A woman's affair with wine.
| Sally swirled the cabernet in her glass and watched the "legs" creep down. Foxen, she noted on the label. Her ex had a friend whose grandfather once owned all the land where Foxen vineyards were, near Ojai, California. He lost it in a card game. Stupid risk, she thought. |
She sniffed the rich aroma before taking a sip, the merest hint of tannin on her tongue. It was rich, it was almost like food, like a liquid gold melting down her throat, flowing by her chest and warming her belly.
Sally knew a time came everyday when she had to have her wine. She stared at the wine glass, the red blurring. She was back in college. Did she drink everyday then too?
Boones Farm Apple, that was it. Sally's "big sister" in the sorority, what was her name? Julie. Yes, Julie Something. Sally and her roommate gave Julie $2, and Julie procured two bottles of Boones Farm Apple. It later came out in Strawberry, did it not? She couldn't remember. Sally and her roommate snuck it into the dorm and iced it down in the sink. Having consumed a bottle, the two would hop in Sally's Camaro and cruise the campus and town, drinking straight from the other bottle.
Sally smiled and blinked at the zinfandel and tasted the rich texture of the grapes - definitely not Boones Farm. Why did they drink? It was simply done; everyone drank. Sally knew better, though. She was terribly shy. She joined a sorority to learn to be more outgoing. Sally's big sister, Julie, took her to fraternity parties and there she was introduced to the beer keg. For the first time in her life, she discovered she could be chatty and funny. She made friends when she was drinking.
After graduation, Sally found people drank in the middle of the day at advertising agency. She tried it, but found her head on her desk at two o’clock in the afternoon. How did they do that? She decided it took practice. She found a flask and took it with her to work, tipping a bit of rum into her coke in the afternoon. Not too bad. If there was a particularly stressful meeting coming up, she sipped a couple of swallows and found her anxiety lessened, yet she was still fairly sharp.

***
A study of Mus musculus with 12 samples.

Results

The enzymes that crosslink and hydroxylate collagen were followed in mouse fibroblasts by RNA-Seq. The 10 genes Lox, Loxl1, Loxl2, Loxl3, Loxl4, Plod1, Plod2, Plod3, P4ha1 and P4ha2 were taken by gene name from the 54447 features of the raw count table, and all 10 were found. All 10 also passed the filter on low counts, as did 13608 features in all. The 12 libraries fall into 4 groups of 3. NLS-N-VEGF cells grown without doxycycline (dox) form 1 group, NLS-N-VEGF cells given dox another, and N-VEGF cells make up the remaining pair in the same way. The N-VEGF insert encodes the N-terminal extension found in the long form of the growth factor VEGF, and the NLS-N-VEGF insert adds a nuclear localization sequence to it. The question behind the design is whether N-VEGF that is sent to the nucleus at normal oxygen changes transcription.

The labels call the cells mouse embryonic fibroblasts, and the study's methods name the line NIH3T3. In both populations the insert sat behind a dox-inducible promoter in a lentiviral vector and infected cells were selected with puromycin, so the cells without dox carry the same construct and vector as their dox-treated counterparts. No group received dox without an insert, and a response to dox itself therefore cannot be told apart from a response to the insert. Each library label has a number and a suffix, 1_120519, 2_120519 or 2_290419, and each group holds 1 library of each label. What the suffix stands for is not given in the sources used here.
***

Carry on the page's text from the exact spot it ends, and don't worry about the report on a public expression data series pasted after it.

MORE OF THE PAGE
Promotions followed. Sally hated company parties to "smooze," but with a glass of wine before going and a couple there, smoozing wasn't so hard. She had good ideas for the company, but couldn't seem to spit them out during the day. At the parties they spilled like freshly washed marbles. She paid particular attention to the wives of her bosses, finding compliments to them later reflected on her performance reports and resulted in more invitations. More parties, more promotions, more money. All it took was the wine.
Until today. Today she was unemployed. Last night's party, she vaguely remembered, was a roast for her retiring boss. Apparently, she insulted his replacement in her comments from the podium. She held the prepared notes now in her hand. Nowhere did it say, "sanctimonious bastard." Co-workers assured her they came from her mouth. All she remembered was the silence in the ballroom, then someone escorting her off the stage.
Sally swirled the wine again. "Why did you let me down? I thought you were my friend."